Above: Chestnut-backed tanager: a fine softbill which has been bred recently by Peter Moore © Shutterstock.com/Andrew M. Allport


Fans of keeping and breeding exotic softbills must never forget the songbird crisis in the East, warns GARY BRALSFORD


WITH Christmas and New Year celebrations well out of the way, attention is now focused on getting through the rest of winter and into spring.

Chocolate eggs are now beginning to appear in supermarkets in anticipation of Easter and everything springing into bloom, while garden centres are stocking up on plants and bulbs and other useful items for the gardener and birdkeeper.

Bargains can be found right now on nest-boxes and baskets from garden centres and some are in the sales as new stock arrives. Even Christmas garlands can be picked up cheaply, and these make brilliant nest sites for our softbill birds.

The news is full of Brexit but, like most people, I am fed up of hearing about it on every news bulletin. What will the effect be on the birdkeeper once we leave, one way or the other, in March? Only time will tell.

The contacts I have in Europe tell me the movement of birds will become more restricted between European countries and it will become more difficult to bring birds into the UK from places such as Holland and Belgium. I have also been told there has already been a major crackdown by Dutch and German border controls on bird movement.

With the Asian Silent Forest campaign across Asia being promoted across the world, there is now more awareness of birds being illegally smuggled out of that continent. The main illegal softbills are not leaving Asia but are actually going into the songbird markets there. Birds from Sumatra, Borneo and other Indonesian islands are being trapped en masse to fuel Asian demand. A few might find their way into Europe, but not many. That said, a friend told me a Dutch dealer had had 45,000 Euros worth of birds confiscated because inspectors found a few pairs of white-rumped shama (Copsychus malabarcicus) and Oriental magpie-robin (C. saularis) in his birds for sale: both extremely popular as cage birds in the Far East, though also legitimately established in European aviculture.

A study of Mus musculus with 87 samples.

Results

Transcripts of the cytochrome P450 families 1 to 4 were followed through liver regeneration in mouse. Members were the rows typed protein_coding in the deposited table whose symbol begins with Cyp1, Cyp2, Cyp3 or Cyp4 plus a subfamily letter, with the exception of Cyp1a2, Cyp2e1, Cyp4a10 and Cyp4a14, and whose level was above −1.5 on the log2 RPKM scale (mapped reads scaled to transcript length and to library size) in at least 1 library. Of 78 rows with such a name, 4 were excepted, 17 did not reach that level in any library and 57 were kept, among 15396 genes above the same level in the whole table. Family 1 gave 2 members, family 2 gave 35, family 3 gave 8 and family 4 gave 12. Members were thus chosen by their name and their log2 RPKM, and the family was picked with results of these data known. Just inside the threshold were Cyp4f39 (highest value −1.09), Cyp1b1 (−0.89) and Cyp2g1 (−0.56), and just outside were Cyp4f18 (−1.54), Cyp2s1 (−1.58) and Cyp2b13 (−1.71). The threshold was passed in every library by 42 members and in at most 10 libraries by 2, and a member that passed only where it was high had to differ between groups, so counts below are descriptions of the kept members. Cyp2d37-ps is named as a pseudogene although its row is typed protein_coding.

With the authorities watching all animals in captivity, we all have to be seen to be whiter than white. It merely proves that we must breed what we have and exchange ideas and birds to continue this great hobby for years to come. When it comes to breeding our softbills it makes little odds whether they are  UK first-, second- or third- generation birds.

Which brings me to my long-term friend and top softbill breeder Peter Moore. I have known Peter for 15 years or more and his knowledge of breeding the most difficult softbills has to be commended.

He has had many UK firsts, with some recognised and some not being put forward for recognition. His breeding of the chestnut-backed tanager (Tangara preciosa) to the third generation is a brilliant achievement. He breeds from two pairs of these birds and, surprisingly, a cock bird that has only one leg, yet he manages to fill every egg the hen lays.

His big breeding achievement in 2018 was from a pair of chestnut-capped brushfinches (Arremon brunneinucha), originally classed as a softball, but as of 2017 placed into the family Passerellidae, the greatly expanded assemblage officially called “New World sparrows”.

This will certainly be a UK first. A Dutch breeder tried to breed them for four years and the longest they survived was for 10 days. He gave up with them and traded them into a dealer. Peter bought those and another unrelated pair and to date he has bred four young, although he lost one chick quite early that is a fantastic achievement.

Gary Bralsford has specialised in breeding rare and unusual softbills for many years.